Climate change is one of today’s most ominous crises. Most of the recent natural disasters are attributed to the changes undergone by the planet as caused by global warming. Addressing this anthropogenic phenomenon concerns all fields of expertise as its harsh consequences could lead to problems on food security, human health, water supply, settlements, and economic development.
In 2008, the Commission on the Status of Women (CSW) considered climate change as an emerging issue. It focused on the fact that climate change is not a gender-neutral phenomenon, stressing that it has a direct impact on women’s lives due to their domestic work and makes their everyday sustenance even more difficult. The Commission recognizing this called for efforts on financing for gender equality and the empowerment of women, specifically referring to the impact of climate change on women and girls.
The CSW also called for governments to:
- integrate a gender perspective into the design, implementation, monitoring, evaluation and reporting of national environmental policies;
- strengthen mechanisms; and
- provide adequate resources to ensure women’s full and equal participation in decision-making at all levels on environmental issues, particularly on strategies related to the impact of climate change on the lives of women and girls.
As women are engaged in more climate related change activities than what is deemed by the society being the managers of the household, they could contribute a lot in the mitigation and adaptation to changes in climatic conditions. Women’s role in the home i.e. utilization of gas or wood for cooking, recycling and waste management etc. make them important agents for the reduction of greenhouse gases (GHGs) emission and resources depletion that contribute to environmental degradation.
In 2009, the Department of Environment and Natural Resources partnered with the Gesellschaft für Technische Zusammenarbeit (GTZ), a German private international enterprise specializing in sustainable development,through its Adaptation to Climate Change and Conservation of Biodiversity in the Philippines (ACCBio) Program, to form the Inter-Agency Committee on Climate Change Adaptation (IACCC) which had the primary task of formulating the Philippine Strategy for Climate Change Adaptation (PSCCA).
The climate change adaptation strategies enumerated in the PSCCA are broadly stated as follows:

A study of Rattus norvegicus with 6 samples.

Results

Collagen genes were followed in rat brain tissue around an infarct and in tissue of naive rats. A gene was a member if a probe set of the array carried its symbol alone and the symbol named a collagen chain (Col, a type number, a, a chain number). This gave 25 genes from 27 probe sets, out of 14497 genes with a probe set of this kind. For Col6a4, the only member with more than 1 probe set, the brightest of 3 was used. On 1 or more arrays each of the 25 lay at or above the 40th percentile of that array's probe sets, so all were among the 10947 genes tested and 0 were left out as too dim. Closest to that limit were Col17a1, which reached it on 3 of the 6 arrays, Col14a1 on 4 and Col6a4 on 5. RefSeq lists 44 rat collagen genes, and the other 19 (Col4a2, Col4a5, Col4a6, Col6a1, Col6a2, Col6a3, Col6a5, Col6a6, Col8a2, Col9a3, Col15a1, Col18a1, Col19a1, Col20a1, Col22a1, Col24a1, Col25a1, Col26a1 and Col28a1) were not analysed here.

- Creating an enabling environment for mainstreaming climate change adaptation based on a decentralized framework of good governance.
- Reducing climate change risks and vulnerability of human and natural ecosystems through ecosystem-based management approaches and appropriate technologies.
- Establishing knowledge management systems on climate change based on science and experiences of communities.
- Ensuring that processes such as policy formulation, development planning, implementation, monitoring and evaluation are gender responsive and non-discriminatory. For equitable programs and actions, purposive researches on the differentiated impacts of climate change on women and men as well as their levels of participation in governance and socio-economic activities shall be conducted.
The PSCCA further states that “Mainstreaming gender in all levels of climate change adaptation policy formulation, development planning, and implementation are made integral part of the strategies.” Hence, gender concerns and actions should also be implemented in the first three strategies mentioned.
The Philippines, showing its exuberance in addressing climate change has initiated a groundbreaking resolution during the 55th session of the Commission on the Status of Women (CSW)in March 2011. The Philippine-initiated resolution entitled “Mainstreaming Gender Equality and Promoting Empowerment of Women in Climate Policies and Strategies” highlighted the need to ensure women’s full enjoyment of all human rights and their effective participation in environmental decision-making at all levels and was adopted in consensus by the Commission’s Member States.